Most thinking about security of online financial transactions focuses on security of the connection to the financial institution and the institution’s ability to police its systems from unauthorized access. But spoofing—gaining access to a site by masquerading as an authorized user—financial institutions doesn’t necessarily entail getting into your preexisting data.
Lizette Alvarez at the NYTimes had an usettiling piece this weekend (With Personal Data in Hand, Thieves File Early and Often) about a new and frighteningly creative strategy being used by identity thieves.
With nothing more than ledgers of stolen identity information — Social Security numbers and their corresponding names and birth dates — criminals have electronically filed thousands of false tax returns with made-up incomes and withholding information and have received hundreds of millions of dollars in wrongful refunds, law enforcement officials say.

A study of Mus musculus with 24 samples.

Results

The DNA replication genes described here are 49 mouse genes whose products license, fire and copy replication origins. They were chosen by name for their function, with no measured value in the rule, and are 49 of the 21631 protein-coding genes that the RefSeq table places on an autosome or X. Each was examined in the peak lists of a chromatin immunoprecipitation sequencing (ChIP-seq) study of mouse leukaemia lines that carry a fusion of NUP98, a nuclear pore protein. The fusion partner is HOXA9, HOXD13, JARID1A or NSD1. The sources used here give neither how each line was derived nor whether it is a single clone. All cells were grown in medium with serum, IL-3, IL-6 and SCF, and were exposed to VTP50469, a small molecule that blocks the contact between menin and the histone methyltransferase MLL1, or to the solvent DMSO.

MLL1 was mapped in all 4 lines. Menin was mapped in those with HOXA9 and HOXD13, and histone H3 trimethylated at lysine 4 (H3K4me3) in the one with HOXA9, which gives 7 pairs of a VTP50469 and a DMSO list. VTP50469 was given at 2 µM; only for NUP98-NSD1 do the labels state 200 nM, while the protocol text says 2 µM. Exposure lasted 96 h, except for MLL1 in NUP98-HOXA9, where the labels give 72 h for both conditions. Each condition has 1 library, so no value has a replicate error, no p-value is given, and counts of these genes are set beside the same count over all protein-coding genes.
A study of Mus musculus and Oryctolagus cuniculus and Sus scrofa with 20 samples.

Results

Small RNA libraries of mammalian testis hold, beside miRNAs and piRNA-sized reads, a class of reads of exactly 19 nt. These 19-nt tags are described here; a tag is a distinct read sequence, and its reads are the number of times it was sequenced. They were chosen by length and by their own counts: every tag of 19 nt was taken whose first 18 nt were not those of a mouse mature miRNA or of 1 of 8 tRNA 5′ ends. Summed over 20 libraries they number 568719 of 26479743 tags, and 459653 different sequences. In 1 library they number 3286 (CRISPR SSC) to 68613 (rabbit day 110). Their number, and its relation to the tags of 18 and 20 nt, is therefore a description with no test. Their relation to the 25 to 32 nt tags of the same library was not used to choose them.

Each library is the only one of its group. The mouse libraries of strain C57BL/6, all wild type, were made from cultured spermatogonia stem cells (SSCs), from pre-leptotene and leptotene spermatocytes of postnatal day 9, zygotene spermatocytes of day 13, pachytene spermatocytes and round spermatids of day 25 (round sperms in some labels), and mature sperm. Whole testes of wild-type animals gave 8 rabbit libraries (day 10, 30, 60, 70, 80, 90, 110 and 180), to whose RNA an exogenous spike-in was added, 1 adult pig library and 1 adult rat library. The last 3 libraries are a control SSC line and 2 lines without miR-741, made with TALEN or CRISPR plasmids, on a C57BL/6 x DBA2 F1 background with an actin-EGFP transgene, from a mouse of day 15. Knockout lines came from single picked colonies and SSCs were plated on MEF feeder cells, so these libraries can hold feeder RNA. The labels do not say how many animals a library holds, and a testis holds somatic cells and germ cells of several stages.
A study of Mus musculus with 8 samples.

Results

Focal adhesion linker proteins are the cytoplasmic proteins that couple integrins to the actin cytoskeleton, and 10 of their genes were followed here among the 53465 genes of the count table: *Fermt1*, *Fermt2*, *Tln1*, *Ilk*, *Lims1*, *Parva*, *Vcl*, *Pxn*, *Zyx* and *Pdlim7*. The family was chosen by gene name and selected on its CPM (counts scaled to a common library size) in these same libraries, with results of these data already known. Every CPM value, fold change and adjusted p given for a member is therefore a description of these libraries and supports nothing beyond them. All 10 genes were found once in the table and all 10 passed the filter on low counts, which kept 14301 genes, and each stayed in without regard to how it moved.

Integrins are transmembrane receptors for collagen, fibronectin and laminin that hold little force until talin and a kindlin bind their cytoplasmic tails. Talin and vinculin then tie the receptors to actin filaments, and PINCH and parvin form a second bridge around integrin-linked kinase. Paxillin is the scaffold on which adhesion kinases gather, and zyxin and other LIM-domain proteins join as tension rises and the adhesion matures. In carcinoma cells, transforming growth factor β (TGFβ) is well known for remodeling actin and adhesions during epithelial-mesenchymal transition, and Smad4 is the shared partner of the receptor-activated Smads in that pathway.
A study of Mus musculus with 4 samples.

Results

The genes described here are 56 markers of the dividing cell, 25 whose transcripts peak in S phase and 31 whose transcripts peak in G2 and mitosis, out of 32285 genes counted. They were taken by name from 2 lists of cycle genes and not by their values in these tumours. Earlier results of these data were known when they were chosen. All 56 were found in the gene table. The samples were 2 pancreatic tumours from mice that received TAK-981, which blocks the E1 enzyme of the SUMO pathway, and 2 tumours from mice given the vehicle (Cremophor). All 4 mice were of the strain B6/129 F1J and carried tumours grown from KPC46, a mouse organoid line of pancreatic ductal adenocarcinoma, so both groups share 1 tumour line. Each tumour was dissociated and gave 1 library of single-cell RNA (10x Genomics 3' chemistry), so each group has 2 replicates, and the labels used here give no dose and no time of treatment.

Essentially, thieves file a tax return with fake data in your place before you do with fake data, and then get a refund through a debit card in the mail. That’s bad enough, of course, but imagine the kind of problem you would have when you go and file your legitimate claim!
There are points to be made here about methods for securing systems, and the IRS will need to think about that a lot.
But it seems to me that the more important lesson here is that making the choice to avoid using electronic systems (like e-file) doesn’t mean you are technology-free. Your life is still enmeshed with digital systems. Banks, grocery stores, retail outlets, educational institutions, newspapers, and cable providers all keep copious records of your activities. You have digital footprints, even if you don’t log on. Your information can still be compromised.
When thinking about how to act thoughtfully and intentionally in the world, we tend to look at what we do. But sometimes, we don’t have to do anything to be doing something.